Richard Conlin has emerged as the likely next president of the Seattle City Council.
Conlin is far from claiming victory in quiet negotiations to get support from colleagues for the two-year term. Two years ago, he announced he had the votes to best rival Jean Godden, but the council deadlocked and the post ultimately went to Nick Licata.
"I'm going to be very cautious, given what happened to me last time," said Conlin.
Godden is not an active candidate this year. But she cautioned that nothing was set. "Things are very fluid," she said, although she and others say no one else has mounted a serious challenge to Conlin.
Council presidents are typically selected in early January by the nine-member council to serve for two years. The council president oversees central staff, serves as acting mayor during a mayoral absence, and traditionally acts as a spokesperson for the council. The post is a good platform for a member who is considering a run for mayor.
Conlin's ascendency benefited from trouble around his closest rival, Richard McIver, whom some saw earlier as a shoo-in for the presidency. McIver recently pleaded innocent to a charge of assaulting his wife.
"I have not withdrawn my name," says McIver, whose trial is set to begin Monday, Dec. 10. He concedes, though, that even if he gets the charges dropped or gets a verdict of not guilty, his chances of becoming president are slim.
Conlin is known as one of City Hall's most distinct personalities. He's smart and focused. A little wonky and heavy on process, say some. He's been an early advocate for environmental issues as big as global warming and as small as the licensing of goats as legal pets.
With the arrival of two new members, next year's council is likely to be more purposeful and perhaps even stronger than the council of past years. The public should look for the council to announce more initiatives and do more to craft an identity distinct from Mayor Greg Nickels, who tends to dominate City Hall. "There's been a certain amount of whining in the past. That's not the right way to go," said Conlin.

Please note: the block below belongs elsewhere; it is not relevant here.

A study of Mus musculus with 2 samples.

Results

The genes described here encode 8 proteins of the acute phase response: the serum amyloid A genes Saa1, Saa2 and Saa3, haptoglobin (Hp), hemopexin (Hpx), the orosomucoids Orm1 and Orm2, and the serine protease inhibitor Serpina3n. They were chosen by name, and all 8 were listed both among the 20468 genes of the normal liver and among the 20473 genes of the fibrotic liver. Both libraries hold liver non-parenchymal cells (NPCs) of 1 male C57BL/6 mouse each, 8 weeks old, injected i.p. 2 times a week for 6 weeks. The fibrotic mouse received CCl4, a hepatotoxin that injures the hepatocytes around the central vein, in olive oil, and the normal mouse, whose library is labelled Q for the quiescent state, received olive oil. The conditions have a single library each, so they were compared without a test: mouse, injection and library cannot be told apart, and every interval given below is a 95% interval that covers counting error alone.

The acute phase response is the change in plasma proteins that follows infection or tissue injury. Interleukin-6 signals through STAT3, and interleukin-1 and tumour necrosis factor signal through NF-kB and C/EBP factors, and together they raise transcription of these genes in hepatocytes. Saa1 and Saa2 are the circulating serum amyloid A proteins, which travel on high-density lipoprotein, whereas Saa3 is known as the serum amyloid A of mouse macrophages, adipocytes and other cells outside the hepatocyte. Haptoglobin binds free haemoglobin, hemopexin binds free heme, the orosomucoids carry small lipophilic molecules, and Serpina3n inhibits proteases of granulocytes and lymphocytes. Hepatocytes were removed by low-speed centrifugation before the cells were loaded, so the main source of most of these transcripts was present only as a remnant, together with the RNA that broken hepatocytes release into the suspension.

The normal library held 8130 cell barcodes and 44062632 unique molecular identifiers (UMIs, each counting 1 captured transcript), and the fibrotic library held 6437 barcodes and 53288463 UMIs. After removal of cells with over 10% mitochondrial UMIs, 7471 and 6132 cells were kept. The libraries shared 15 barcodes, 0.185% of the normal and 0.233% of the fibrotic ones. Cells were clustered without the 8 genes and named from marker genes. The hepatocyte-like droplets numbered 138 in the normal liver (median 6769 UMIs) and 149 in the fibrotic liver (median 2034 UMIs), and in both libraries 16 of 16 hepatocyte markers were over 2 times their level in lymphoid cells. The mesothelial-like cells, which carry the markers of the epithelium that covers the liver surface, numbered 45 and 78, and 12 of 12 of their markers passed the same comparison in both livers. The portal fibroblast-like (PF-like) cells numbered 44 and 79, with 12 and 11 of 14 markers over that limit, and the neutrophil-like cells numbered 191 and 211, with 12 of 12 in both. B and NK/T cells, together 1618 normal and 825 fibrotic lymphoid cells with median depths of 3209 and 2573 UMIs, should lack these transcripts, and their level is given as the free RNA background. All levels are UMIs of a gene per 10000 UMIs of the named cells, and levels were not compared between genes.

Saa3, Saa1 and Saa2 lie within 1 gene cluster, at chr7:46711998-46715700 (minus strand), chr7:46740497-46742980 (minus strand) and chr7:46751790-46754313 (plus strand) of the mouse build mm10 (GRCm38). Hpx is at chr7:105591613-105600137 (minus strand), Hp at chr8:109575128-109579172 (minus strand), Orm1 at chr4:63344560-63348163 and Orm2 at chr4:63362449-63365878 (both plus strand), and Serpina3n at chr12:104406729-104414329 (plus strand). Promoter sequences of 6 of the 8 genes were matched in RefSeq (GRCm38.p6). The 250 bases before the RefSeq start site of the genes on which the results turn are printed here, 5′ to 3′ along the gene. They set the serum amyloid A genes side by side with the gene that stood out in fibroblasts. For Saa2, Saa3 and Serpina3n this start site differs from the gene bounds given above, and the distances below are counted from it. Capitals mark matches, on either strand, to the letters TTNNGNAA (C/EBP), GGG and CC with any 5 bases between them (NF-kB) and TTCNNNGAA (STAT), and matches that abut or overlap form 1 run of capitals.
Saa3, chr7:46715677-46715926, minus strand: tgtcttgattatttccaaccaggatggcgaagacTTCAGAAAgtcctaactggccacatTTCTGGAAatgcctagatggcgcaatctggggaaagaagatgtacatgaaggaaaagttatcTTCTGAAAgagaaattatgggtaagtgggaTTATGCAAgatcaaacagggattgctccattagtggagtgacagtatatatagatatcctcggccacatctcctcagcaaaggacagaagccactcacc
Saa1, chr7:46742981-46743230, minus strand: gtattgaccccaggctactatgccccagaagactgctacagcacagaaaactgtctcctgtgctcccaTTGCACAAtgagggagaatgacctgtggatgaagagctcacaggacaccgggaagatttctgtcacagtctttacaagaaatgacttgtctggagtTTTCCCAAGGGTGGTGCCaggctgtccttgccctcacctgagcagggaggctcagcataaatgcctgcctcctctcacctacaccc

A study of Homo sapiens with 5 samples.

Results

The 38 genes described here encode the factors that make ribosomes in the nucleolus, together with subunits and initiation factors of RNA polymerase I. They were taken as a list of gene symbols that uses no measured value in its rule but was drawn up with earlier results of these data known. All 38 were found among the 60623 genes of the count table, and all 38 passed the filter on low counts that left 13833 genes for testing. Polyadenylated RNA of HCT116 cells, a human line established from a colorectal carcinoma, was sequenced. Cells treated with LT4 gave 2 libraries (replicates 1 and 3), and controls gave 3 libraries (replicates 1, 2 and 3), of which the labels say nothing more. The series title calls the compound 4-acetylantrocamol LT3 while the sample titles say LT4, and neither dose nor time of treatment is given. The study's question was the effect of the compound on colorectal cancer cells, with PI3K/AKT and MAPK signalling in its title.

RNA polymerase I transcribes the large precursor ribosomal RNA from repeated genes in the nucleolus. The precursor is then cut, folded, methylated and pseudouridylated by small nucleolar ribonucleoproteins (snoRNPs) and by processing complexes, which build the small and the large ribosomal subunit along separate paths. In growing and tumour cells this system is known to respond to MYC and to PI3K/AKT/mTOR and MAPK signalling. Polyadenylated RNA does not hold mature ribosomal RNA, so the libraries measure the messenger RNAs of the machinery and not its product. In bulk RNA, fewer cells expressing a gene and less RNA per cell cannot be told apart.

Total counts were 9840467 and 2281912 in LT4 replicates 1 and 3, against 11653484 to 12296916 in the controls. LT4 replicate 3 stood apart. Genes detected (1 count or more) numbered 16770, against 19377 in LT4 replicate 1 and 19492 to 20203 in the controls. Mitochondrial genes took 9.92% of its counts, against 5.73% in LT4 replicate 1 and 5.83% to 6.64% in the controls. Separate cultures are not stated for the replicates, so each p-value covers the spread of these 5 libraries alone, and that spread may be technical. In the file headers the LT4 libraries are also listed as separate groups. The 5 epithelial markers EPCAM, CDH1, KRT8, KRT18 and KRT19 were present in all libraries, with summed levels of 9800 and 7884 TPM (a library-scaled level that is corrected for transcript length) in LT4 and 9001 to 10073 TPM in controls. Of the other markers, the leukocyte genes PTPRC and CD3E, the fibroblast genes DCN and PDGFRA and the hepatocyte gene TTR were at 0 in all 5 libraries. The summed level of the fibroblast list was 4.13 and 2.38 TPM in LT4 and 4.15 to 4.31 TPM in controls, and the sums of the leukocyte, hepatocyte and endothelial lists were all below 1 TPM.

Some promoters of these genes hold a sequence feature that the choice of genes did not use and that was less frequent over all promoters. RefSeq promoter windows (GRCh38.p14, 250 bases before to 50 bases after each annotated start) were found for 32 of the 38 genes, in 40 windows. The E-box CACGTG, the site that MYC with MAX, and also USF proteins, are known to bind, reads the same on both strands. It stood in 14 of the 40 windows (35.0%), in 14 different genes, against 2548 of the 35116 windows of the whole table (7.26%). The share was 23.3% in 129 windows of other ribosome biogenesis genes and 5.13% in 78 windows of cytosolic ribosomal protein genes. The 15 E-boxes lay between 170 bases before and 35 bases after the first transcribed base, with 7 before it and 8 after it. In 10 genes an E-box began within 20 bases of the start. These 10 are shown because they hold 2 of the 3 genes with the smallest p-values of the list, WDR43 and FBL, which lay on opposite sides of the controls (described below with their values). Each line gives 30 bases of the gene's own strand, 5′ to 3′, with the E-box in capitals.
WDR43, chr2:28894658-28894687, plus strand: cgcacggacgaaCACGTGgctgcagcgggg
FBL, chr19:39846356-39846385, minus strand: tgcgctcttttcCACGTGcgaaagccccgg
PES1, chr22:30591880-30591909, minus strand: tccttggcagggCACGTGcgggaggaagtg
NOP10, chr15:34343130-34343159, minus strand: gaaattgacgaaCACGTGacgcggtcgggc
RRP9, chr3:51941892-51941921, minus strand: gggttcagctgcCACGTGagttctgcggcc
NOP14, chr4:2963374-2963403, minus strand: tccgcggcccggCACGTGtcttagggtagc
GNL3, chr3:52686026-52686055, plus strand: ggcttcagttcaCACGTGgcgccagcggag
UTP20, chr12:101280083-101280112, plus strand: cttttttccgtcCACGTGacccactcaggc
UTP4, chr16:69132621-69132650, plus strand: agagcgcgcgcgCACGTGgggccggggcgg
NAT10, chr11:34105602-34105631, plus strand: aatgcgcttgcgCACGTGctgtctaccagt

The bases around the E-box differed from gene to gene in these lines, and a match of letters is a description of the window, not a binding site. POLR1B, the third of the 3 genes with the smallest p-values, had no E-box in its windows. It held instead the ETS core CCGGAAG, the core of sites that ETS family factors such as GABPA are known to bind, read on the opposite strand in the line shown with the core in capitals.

Stressing that he was making no assumptions about the outcome of the council's presidential deliberations, Conlin said the council needed to be more methodical about laying out a schedule of major decisions so it's clear "what, when, and how things will get done."
The new council members are already familiar with the ways of City Hall. A former City Council legislative aide, Bruce Harrell is arriving to take the position held by Peter Steinbrueck, who decided to not run for re-election. A former police officer and city Ethics and Elections Commissioner, Tim Burgess defeated incumbent David Della.
The selection of a new president also triggers jockeying for committee assignments.
Of those, the chair of the budget committee can be a powerful role. Godden wants that post. Some say Burgess would be a natural for chair of the public safety committee, which oversees police and fire. Jan Drago is likely to keep the transportation committee. Conlin says he will likely keep the environment, emergency management, and utilities committee; he says Sally Clark will keep the economic development and neighborhoods committee.
There is lots of talk about who's getting what, but the wild card is what happens to Licata. He says he's ready to move on from public safety, which he's run for four years. He wants budget, which makes him a Godden rival.
As part of the shuffling, the duties of various committees could be restructured.
Licata joked that this is the fun time of year for council members. "All of us are eyeing each other somewhat suspiciously," he said.
As longtime Sonics fans can tell you, it's not over till the fat lady sings.